Daniel Goleman claims that, unless you cultivate emotional intelligence, your career is unlikely to take off. Is this a load of psycho-babble, or can it be of practical help?
Have you ever been to a school reunion and discovered that the smartest kid in the class had a pretty mediocre career? Or met someone who is outstandingly successful but not very bright. Emotional intelligence could be the explanation.
Goleman describes it as 'a different way of being smart'. Some people, it seems, are good at it and some aren't - and it has nothing to do with your basic intelligence. The good news is that it encompasses a set of day-to-day skills, most of which you can learn.
Since Goleman formulated his theory in 1996, an avalanche of studies have sought to identify what these day-to-day capabilities (or 'competencies') are, what impact they have on careers and how they equate to business success. When IQ scores are compared with career achievement, intelligence counts for only a quarter of the difference between high and low achievers. The rest is all down to personal and social skills, or emotional intelligence.
Personal competencies are all about you - your self-awareness, self-regulation and motivation; your ability to understand your emotions and how they affect others; knowing your strengths and limitations but having the self-confidence to commit and achieve; your ability to take the initiative and be optimistic about the outcome; and your ability to cope with new things. Social skills determine how you relate to others - your ability to sense other people's feelings and read the mood of a group; to inspire and build relationships; to work in teams; to listen and communicate.
These skills can make the difference between success or failure in leadership and management roles. Look at Colin Marshall's first wave of activity in British Airways in the 1980s. He spent hours with groups of BA staff, taking them through the need for change within the company and their role in that change. His presence and evident passion gradually convinced staff that the company had to be different and there was no turning back. More recently, sustaining that motivation has seemed difficult.
It has now proved possible to determine whether people have these traits, and to link them with career success. Monitoring a group of 100 British managers participating in courses at Henley Management College, Vick Dulewicz and Malcolm Higgs were able to show a strong correlation between rapid career progression and a combination of high emotional intelligence and high IQ. And it applies across the board - not just to high-profile MDs or sales people. An American study at Bell Labs, Princeton, looked at the difference between its scientific stars (those outstanding in research) and its other workers. It lay in the ability of the stars to motivate themselves and to create informal networks.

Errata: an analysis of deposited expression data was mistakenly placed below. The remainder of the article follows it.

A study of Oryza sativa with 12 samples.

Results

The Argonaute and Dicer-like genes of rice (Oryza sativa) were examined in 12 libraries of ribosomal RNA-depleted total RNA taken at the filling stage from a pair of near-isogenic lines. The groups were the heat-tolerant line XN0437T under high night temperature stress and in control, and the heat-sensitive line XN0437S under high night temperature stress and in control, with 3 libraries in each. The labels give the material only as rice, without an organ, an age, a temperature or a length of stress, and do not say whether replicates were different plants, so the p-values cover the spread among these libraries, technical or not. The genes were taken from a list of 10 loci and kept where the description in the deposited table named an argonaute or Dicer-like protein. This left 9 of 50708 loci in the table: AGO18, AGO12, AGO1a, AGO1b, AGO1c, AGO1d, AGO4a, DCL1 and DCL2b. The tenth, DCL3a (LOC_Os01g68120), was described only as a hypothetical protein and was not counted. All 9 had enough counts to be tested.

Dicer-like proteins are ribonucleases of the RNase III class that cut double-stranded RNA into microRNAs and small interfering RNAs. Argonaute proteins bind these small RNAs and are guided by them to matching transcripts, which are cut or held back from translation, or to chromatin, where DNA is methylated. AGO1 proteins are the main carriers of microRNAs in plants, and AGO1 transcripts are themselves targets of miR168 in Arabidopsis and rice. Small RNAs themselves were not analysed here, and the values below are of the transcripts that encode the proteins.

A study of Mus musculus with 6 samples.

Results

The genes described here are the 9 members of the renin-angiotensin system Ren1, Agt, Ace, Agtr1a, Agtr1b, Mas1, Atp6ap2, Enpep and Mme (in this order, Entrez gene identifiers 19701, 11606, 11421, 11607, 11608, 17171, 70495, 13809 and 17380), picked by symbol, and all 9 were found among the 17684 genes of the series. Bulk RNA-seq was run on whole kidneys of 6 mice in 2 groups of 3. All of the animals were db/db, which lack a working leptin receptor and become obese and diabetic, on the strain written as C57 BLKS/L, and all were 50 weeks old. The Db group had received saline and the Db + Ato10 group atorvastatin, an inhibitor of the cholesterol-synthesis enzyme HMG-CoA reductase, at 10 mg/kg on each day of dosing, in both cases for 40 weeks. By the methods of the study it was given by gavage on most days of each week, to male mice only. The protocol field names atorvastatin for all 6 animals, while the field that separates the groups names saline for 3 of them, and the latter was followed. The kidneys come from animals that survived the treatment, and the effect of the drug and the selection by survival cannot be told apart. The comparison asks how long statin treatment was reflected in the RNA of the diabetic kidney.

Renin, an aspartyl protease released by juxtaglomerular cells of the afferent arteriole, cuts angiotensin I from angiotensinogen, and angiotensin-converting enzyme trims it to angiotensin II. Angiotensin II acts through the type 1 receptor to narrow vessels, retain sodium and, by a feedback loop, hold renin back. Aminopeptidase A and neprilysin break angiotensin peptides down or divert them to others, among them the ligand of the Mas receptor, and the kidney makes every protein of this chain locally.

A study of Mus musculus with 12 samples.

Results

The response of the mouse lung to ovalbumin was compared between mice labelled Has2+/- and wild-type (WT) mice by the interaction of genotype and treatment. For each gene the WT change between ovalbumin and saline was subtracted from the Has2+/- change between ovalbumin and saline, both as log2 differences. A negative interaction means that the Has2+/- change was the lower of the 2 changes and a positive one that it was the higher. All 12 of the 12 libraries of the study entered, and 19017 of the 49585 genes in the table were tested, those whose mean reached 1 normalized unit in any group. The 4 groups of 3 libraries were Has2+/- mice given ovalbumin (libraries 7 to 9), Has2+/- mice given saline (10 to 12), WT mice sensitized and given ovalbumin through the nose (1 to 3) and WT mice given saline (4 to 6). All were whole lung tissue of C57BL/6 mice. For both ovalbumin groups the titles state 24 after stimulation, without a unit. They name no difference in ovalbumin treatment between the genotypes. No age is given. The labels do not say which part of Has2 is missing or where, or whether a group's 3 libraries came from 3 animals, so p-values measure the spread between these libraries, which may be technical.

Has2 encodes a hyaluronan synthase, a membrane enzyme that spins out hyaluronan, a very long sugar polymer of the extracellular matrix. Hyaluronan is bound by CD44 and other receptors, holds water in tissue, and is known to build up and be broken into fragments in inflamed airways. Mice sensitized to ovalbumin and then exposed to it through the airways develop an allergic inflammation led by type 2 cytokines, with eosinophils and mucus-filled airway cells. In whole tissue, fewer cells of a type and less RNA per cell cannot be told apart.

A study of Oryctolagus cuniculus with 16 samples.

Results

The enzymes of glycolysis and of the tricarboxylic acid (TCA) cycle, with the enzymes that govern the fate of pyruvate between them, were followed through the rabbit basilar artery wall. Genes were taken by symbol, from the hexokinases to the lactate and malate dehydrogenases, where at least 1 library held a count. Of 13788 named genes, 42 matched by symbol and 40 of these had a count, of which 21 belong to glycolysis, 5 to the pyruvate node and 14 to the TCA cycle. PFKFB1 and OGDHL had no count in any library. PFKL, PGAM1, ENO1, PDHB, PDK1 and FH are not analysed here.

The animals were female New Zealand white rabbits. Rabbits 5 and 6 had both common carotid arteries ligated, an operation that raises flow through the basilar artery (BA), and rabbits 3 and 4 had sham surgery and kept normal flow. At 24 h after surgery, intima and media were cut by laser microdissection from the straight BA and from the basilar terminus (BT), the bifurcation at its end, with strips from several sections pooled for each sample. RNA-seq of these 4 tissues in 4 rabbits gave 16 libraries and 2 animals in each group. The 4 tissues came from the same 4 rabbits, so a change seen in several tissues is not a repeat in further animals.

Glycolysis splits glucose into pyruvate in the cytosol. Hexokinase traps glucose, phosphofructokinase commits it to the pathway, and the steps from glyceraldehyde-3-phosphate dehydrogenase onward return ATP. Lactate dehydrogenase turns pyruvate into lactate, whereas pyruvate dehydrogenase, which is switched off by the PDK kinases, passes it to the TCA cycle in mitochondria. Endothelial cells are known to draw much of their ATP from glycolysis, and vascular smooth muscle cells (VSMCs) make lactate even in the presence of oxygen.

Companies are recognising that there are key competencies for business success. They often ask us to help them find ways of assessing and developing emotional intelligence among staff. Significantly, we find the competencies needed may differ from job to job. For example, retail managers require an emphasis on conscientiousness, empathy and service orientation. Most skills can be learned, although energy and achievement orientation are exceptions - often linked to personality and early life experiences.
The rest - both personal and social skills - can be learned through a mixture of self awareness, coaching, training and experience. You can tell whether you have these abilities in a variety of ways. Seeking direct feedback from people you work with is one way. Many firms now implement full-circle feedback, with characteristics such as initiative and self awareness included in these assessments, along with communication and team working skills. Of course, any evaluation reflects as much on the evaluator as on the person being evaluated, so it is important to get evaluations from multiple sources to correct distortions and override office politics that might obscure results.
You might consider a number of routes for developing these capabilities. Good training in social skills is available, and personal coaching on communication, listening and understanding in group contexts can work well. Identify someone to monitor your progress as you apply this learning and practise your new skills - which seem to get better with age. Some people reach these levels of maturity young, and these are the ones with the best chance of extraordinary career success. I wish you luck in your own exploration of this interesting and important set of capabilities.
Margaret Exley leads Towers Perrin's European practice on change and communication. A founder of Kinsley Lord, she is a non-executive director of the Treasury's management board.